As long as TV’s filth is funny, America is OK with it
As long as TV’s filth is funny, America is just fine with it
It’s early in 2013, but it’s doubtful a more enlightening quote will emerge than that from “Two and a Half Men” co-creator Chuck Lorre. Responding to disparaging comments made by series star Angus J. Jones, Lorre said, “I can’t really disagree with him. The show’s kind of filthy. What he said wasn’t wrong. We hope it’s funny as well.”
Lorre wasn’t extending viewers an olive branch as much as he was a middle finger.
As one of television’s top businessmen, Lorre knows that to be successful you’ve got to give the people what they want. For the past decade, the people’s choice has been the locker-room humor of “Two and a Half Men.” As the decade’s most-watched sitcom, it’s attracted roughly 14 million viewers each week who are grinning, groaning or slapping their knees at the sex, filth and thinly veiled innuendos.
Don’t blame Lorre for the low-brow humor; he’s merely perceived a trend and capitalized on it. He’s been involved in series ranging from “Roseanne,” “Grace under Fire” and “Cybill” to “Big Bang Theory” and “Mike and Molly.” To his notable credit, Lorre’s shows have become major identifiers of the decade in which they were broadcast. The inside joke – or perhaps the telltale sign of Lorre’s success – may be “Mike and Molly,” which at its core is merely a reworked version of what people wanted in the 1950s – the bonding elements of “The Honeymooners” and “Amos ’n’ Andy.” (Pay close attention to the theme song and you’ll hear what I mean.)
Lorre doesn’t create trends; he merely reconfigures them. It could be argued that “Roseanne” was a less volatile, middle-America version of “All in the Family.” It can’t be argued at all that “Big Bang Theory” is a 21st-century take on “Friends.”
“Two and a Half Men” merely lowered the bar for filth, a bar that nearly brushed the floor with an episode earlier this month that featured a song-and-dance routine on douche. It was filthy. And funny. Twenty years ago, viewers would have called the networks to complain. Two weeks ago, they merely Tweeted ‘LOL’ to their friends.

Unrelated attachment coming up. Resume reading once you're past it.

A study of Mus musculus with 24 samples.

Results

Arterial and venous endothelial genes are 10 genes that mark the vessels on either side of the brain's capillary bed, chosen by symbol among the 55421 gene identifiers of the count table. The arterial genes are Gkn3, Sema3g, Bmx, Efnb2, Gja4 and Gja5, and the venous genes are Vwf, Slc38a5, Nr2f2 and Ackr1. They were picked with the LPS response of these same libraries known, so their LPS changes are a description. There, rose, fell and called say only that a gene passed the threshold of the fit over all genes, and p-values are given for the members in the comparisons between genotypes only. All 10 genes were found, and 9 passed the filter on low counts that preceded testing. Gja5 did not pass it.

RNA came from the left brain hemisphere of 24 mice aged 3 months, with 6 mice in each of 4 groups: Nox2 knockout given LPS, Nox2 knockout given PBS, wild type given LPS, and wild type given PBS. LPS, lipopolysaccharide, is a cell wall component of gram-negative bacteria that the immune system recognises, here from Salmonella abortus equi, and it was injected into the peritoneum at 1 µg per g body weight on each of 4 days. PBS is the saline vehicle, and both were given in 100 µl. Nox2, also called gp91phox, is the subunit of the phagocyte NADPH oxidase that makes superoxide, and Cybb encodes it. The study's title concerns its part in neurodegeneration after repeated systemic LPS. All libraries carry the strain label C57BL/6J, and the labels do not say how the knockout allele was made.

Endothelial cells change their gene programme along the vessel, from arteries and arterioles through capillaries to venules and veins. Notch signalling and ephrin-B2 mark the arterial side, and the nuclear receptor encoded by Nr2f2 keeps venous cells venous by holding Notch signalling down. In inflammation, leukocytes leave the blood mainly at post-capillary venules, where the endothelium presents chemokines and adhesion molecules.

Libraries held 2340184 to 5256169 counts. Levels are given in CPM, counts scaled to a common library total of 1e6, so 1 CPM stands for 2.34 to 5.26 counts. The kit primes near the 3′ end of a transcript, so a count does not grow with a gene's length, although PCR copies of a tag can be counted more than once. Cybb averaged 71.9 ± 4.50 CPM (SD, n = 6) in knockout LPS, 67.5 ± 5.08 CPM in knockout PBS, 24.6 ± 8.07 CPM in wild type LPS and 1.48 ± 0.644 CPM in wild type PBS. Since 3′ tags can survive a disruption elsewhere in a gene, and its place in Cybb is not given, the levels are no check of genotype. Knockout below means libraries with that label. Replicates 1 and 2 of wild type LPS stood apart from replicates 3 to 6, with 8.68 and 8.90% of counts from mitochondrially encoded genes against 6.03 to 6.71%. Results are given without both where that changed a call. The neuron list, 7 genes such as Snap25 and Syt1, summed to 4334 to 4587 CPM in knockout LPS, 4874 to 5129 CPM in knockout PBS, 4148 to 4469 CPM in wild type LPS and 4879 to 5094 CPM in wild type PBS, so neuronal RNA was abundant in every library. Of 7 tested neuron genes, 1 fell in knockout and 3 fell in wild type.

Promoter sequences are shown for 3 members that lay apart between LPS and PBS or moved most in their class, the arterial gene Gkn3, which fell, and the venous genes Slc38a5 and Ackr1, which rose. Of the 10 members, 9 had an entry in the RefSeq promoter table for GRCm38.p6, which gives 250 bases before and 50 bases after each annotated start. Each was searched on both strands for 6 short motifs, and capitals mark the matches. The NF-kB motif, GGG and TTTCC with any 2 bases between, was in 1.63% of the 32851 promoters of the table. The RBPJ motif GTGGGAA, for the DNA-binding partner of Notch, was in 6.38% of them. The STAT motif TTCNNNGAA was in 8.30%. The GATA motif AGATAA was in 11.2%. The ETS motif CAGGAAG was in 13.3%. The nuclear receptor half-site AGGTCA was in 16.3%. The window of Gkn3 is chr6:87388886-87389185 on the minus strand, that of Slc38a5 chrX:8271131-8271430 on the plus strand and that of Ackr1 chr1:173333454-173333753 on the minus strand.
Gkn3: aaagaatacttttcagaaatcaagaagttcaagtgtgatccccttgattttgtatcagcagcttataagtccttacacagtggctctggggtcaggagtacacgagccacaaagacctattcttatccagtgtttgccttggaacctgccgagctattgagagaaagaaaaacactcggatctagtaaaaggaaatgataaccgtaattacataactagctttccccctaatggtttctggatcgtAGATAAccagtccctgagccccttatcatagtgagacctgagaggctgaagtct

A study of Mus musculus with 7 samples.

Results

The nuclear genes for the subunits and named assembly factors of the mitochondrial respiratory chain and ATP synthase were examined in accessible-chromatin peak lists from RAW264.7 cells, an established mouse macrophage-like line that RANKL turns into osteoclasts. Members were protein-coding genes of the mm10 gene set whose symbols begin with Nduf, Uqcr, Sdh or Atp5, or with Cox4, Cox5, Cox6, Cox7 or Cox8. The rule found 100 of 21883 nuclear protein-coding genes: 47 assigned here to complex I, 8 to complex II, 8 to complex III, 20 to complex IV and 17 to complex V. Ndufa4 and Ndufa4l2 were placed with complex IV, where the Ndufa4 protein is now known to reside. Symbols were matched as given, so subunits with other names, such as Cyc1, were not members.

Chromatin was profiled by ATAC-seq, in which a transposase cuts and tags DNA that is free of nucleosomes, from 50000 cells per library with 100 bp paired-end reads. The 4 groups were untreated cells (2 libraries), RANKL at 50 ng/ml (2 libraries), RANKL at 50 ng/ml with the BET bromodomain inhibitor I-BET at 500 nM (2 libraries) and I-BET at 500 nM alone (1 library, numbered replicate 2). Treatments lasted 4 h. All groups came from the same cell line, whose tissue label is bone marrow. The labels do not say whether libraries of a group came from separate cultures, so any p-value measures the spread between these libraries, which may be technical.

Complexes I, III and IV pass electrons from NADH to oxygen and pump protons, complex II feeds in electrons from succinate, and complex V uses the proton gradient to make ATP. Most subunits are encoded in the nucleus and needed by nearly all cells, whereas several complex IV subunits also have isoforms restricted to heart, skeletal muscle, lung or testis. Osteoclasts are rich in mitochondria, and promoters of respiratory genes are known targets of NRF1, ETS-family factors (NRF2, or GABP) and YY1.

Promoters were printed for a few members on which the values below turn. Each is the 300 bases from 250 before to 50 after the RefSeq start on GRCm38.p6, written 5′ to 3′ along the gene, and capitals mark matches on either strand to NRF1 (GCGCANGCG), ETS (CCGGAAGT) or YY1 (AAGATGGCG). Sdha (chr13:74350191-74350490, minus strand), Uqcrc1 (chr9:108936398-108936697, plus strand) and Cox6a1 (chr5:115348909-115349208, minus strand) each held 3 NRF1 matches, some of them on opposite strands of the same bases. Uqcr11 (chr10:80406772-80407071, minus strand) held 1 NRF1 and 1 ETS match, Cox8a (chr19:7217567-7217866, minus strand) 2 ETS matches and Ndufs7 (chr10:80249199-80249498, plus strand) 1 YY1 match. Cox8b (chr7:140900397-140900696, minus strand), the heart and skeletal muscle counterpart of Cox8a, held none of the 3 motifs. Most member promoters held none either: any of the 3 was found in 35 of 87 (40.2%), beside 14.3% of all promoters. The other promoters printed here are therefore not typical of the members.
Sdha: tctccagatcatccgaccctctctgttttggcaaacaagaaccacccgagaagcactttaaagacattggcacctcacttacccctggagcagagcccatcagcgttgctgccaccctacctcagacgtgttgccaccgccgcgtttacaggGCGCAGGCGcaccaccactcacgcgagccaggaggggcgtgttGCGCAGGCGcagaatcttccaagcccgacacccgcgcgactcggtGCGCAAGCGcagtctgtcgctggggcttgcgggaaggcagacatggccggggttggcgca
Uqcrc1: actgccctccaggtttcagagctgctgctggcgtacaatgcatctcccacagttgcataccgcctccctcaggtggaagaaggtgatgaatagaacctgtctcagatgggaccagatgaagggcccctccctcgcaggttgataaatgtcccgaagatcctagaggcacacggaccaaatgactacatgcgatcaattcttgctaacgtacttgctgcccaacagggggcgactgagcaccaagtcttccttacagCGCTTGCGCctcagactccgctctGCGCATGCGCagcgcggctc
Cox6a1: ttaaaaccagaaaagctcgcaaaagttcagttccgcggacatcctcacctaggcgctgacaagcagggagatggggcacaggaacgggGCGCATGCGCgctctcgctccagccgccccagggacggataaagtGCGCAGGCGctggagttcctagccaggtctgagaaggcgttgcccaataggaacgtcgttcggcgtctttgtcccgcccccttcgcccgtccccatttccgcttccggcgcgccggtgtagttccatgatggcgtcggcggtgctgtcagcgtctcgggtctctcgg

It just might be that “Two and a Half Men” was conceived during “The Family Hour,” that long-ago, pristine 8 to 9 p.m. slot that gave us “Leave It To Beaver,” “Father Knows Best,” “Gilligan’s Island,” ”Daniel Boone,” “Family Affair,” “Brady Bunch,” “The Courtship of Eddie’s Father,” “The Waltons,” “Happy Days” and “Growing Pains.”
In this instance, it wasn’t “Happy Days” that jumped the shark. It was “Growing Pains.” TV critics, including this one, noticed a perceptible shift in tone on the sitcom that premiered in 1985. Teen Mike Seaver was described by his own (TV) mother as “a hormone with feet.” Mike’s parents made small talk with sexual overtones. Mike’s best friend was nicknamed Boner. Though hardly fitting the description of filthy, “Growing Pains” and “Who’s The Boss,” with which it was paired on Tuesday nights, ever-so-gently strained the limits of acceptable “family” dialogue.
When viewers shrugged their shoulders, the networks hastily dumped the family hour, the better to serve its 18-49 target audience with more adult-themed shows such as “Evening Shade,” “Mad About You” and “Coach.” And, as their target audience increasingly clicked to more mature cable offerings, the networks fought back with racier material. “Spin City” was one of the first sitcoms to generate laughs (and high ratings) from adult sexploits in the 8 p.m. hour. Many others followed its lead.
If viewers – and the FCC – were becoming more tolerant in the 8 p.m. hour, what territory could be mined later in the evening? “Cheers” and “Will and Grace,” among others, were certainly dipping their toes in the waters of sexual innuendo, but it was Lorre’s “Two and a Half Men” that dove in head first. In its wake, it’s left us with “Two Broke Girls,” a series whose leads are far removed from the “cupcakes” they sell on the side.
Let’s be honest. Lorre is right. As long as TV’s filth is funny, America is OK with it. And if that type of programming drives viewers back to the networks from whatever cable series they may have been watching, CBS is OK with it, too.
By the way, Jones – despite his supposed disdain for “Two and a Half Men” – has agreed to return to the show. The better, one suspects, to become filthy rich.